Marcel Proust was born on 10th July 1871 in Auteuil, near Paris, to a Catholic father and a Jewish mother. His father, Adrien Proust, was a successful doctor, famous for promoting the cordon sanitaire as a means of combating cholera. Marcel was born during a particularly turbulent time in France, following its defeat in the Franco-Prussian War (1870-71) and shortly after the Paris Commune (March-May 1871). His mother, Jeanne, blamed his delicate health on the stress and scarcity of food at the time of his birth.

Despite this dramatic beginning, Proust led a peaceful and relatively uneventful life. Unlike his younger brother Robert, who became a doctor, Proust never had a job, other than writing; his parents supported him with an allowance. He lived in Paris, where he was an active participant in the cultural and social scene of the Belle Époque, attending literary salons and hosting dinners at his parents' house (Oscar Wilde was so overcome at the presence of Proust's parents at one of these fashionable dinners that he spent the evening hiding in the bathroom). Proust was fascinated by the decadent world of the upper classes and worked hard to gain acceptance with them.

As a child Proust had spent his summers in the village of Illiers (now Illiers-Combray) in North-Central France. When he grew older he made two trips to Venice, inspired by his passionate interest in Ruskin, and visited Belgium and Holland, seeing Vermeer's View of Delft. He also spent two summers in Cabourg, on the Normandy coast. These travels had an important influence on his writing.


Proust by Blanche
Public DomainProust by Blanche

 The death of his mother in 1905 left Proust bereft of his closest companion. This loss, combined with his worsening health, made him retreat from the fashionable world, concentrating more on his writing. In 1908 he began work on an essay, Against Saint-Beuve. Saint-Beuve, a critic, thought it was important to study a writer's biography to gain insight into his work. Proust disagreed and set out to prove it in an essay which eventually, fourteen years and 3,700 pages later, became the semi-autobiographical In Search of Lost Time (À la recherche du temps perdu).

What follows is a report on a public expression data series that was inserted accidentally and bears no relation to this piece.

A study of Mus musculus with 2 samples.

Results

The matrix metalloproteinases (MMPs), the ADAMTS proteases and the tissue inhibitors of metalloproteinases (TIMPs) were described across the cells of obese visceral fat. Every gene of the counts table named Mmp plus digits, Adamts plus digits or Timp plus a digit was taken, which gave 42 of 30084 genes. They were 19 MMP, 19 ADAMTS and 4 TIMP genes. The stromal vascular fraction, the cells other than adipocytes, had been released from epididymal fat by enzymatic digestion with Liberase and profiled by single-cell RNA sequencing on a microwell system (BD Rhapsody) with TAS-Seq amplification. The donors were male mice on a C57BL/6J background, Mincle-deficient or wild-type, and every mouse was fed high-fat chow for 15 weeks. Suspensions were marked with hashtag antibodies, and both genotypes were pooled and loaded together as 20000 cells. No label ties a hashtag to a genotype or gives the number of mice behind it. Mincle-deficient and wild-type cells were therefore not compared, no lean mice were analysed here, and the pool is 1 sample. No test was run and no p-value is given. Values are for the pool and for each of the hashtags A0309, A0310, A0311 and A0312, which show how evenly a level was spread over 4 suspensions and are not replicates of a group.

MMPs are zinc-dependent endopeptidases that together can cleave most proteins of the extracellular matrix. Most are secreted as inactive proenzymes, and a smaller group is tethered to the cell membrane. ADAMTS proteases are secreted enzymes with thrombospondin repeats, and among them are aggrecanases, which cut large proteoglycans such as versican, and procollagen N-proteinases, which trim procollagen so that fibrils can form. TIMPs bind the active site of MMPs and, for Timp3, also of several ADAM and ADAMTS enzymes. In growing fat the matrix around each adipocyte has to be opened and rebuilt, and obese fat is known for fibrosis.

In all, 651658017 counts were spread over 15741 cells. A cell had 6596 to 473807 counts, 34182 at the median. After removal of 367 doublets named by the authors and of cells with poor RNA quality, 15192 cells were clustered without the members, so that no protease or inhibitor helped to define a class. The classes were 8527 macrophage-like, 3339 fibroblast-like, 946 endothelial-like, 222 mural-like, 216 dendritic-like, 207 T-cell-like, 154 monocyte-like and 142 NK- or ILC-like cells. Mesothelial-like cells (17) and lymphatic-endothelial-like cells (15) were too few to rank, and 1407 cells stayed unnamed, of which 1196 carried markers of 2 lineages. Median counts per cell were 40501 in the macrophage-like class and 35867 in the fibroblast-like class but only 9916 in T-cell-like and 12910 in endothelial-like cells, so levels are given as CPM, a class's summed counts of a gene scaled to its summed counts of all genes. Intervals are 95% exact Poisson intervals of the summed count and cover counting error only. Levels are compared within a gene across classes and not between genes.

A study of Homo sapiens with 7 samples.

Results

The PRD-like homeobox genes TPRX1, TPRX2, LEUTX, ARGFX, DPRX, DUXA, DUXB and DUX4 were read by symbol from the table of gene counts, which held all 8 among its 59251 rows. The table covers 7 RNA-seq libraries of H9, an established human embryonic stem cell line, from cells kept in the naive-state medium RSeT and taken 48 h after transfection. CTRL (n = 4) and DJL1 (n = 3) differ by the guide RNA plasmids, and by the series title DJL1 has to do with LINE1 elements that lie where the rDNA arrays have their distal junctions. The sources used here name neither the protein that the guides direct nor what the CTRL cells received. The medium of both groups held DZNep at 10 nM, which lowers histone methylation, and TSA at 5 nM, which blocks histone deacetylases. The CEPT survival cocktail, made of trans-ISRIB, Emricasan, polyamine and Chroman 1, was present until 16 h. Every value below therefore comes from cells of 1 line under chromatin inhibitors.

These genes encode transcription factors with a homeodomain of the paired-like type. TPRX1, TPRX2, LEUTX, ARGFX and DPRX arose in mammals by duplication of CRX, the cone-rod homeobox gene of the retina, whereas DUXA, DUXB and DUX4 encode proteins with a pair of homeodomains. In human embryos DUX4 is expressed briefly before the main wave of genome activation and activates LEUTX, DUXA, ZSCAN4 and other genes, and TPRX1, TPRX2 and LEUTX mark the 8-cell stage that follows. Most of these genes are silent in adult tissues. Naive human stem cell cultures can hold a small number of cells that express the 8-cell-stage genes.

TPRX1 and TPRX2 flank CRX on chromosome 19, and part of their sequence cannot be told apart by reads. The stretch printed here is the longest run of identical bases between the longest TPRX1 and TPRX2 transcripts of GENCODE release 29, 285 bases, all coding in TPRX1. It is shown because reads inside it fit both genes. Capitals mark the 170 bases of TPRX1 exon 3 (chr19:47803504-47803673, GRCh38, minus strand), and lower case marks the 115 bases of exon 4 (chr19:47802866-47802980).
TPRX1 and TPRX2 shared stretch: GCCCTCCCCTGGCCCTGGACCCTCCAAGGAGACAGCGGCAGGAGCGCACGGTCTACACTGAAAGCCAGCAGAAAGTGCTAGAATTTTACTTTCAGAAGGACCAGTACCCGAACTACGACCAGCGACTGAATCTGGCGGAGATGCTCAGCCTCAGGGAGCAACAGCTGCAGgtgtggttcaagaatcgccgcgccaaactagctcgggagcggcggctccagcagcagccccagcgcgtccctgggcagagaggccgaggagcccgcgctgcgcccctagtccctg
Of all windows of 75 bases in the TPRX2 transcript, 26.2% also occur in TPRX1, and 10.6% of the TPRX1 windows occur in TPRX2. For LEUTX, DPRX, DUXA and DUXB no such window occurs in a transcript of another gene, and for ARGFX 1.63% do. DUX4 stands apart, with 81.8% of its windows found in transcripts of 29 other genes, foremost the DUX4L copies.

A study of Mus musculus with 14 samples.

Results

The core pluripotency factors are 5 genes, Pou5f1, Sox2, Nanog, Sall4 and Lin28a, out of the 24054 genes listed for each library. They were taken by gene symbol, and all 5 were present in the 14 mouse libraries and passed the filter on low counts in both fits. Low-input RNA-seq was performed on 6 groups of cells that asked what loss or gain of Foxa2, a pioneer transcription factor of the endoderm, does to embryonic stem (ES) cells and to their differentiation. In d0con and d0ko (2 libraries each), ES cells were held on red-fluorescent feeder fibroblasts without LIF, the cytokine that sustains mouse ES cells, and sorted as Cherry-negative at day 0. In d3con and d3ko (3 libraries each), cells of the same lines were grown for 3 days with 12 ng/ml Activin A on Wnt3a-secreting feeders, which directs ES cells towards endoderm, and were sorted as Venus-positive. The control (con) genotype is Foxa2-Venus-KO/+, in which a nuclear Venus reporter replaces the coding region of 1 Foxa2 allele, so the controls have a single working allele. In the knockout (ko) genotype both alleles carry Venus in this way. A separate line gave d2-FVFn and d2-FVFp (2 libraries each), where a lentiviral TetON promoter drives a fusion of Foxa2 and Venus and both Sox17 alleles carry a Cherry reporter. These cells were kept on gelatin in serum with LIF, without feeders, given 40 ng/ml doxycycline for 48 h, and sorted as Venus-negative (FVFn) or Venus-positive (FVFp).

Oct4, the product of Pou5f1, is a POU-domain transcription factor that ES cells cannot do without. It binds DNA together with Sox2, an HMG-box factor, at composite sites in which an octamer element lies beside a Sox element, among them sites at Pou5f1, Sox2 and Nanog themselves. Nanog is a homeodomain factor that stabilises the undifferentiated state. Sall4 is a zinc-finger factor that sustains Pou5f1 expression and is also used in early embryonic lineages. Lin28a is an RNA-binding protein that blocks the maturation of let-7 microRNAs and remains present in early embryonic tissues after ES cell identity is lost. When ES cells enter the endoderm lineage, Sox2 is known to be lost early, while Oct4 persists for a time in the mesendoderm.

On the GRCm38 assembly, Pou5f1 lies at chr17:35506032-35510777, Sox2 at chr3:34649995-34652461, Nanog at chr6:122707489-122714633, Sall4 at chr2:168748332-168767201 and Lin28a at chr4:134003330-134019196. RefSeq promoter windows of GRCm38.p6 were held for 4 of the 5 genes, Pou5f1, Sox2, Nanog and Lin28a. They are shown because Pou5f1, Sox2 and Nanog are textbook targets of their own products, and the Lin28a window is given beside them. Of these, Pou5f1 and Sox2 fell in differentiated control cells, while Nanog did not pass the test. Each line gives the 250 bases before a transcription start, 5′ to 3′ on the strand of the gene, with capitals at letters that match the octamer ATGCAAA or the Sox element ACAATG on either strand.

Proust was homosexual, and had a number of affairs, including a brief but passionate relationship with his chauffeur and secretary Alfred Agostinelli, who left him in 1914 and died shortly afterwards in a plane crash. It is thought that Alfred is the model for Albertine in In Search of Lost Time.

Having published the first volume of the Search, Swann's Way, at his own expense in 1913, the rest of the novel was delayed in publication by the First World War, despite having been a critical success. During the war Proust kept working on his manuscripts, expanding the trilogy he first anticipated into more volumes until the work consumed the rest of his life. He slept during the day and wrote at night, famously lining the walls of his apartment with cork in order to muffle the sounds of Paris outside. Proust died of pneumonia in 1922, halfway through the publication of his novel; the rest was published posthumously.


The last page of Proust's manuscript of the Search for Lost Time
Public DomainThe last page of Proust's manuscript of the Search for Lost Time

 Since his death, Proust has become a legendary figure, a byword for epic literary length, to the extent that Monty Python constructed a sketch around the idea of summarising Proust - once in a bathing suit and once in evening dress.

Despite this, many people have tried to summarise Proust quite successfully:

In his novel, Proust writes that the novelist Bergotte lives on after his death in the books he has written. In this modern world, it seems that despite the length of his novel, Proust has survived his death not only in his books, but on Youtube and Twitter as well, becoming a legendary part of modern culture.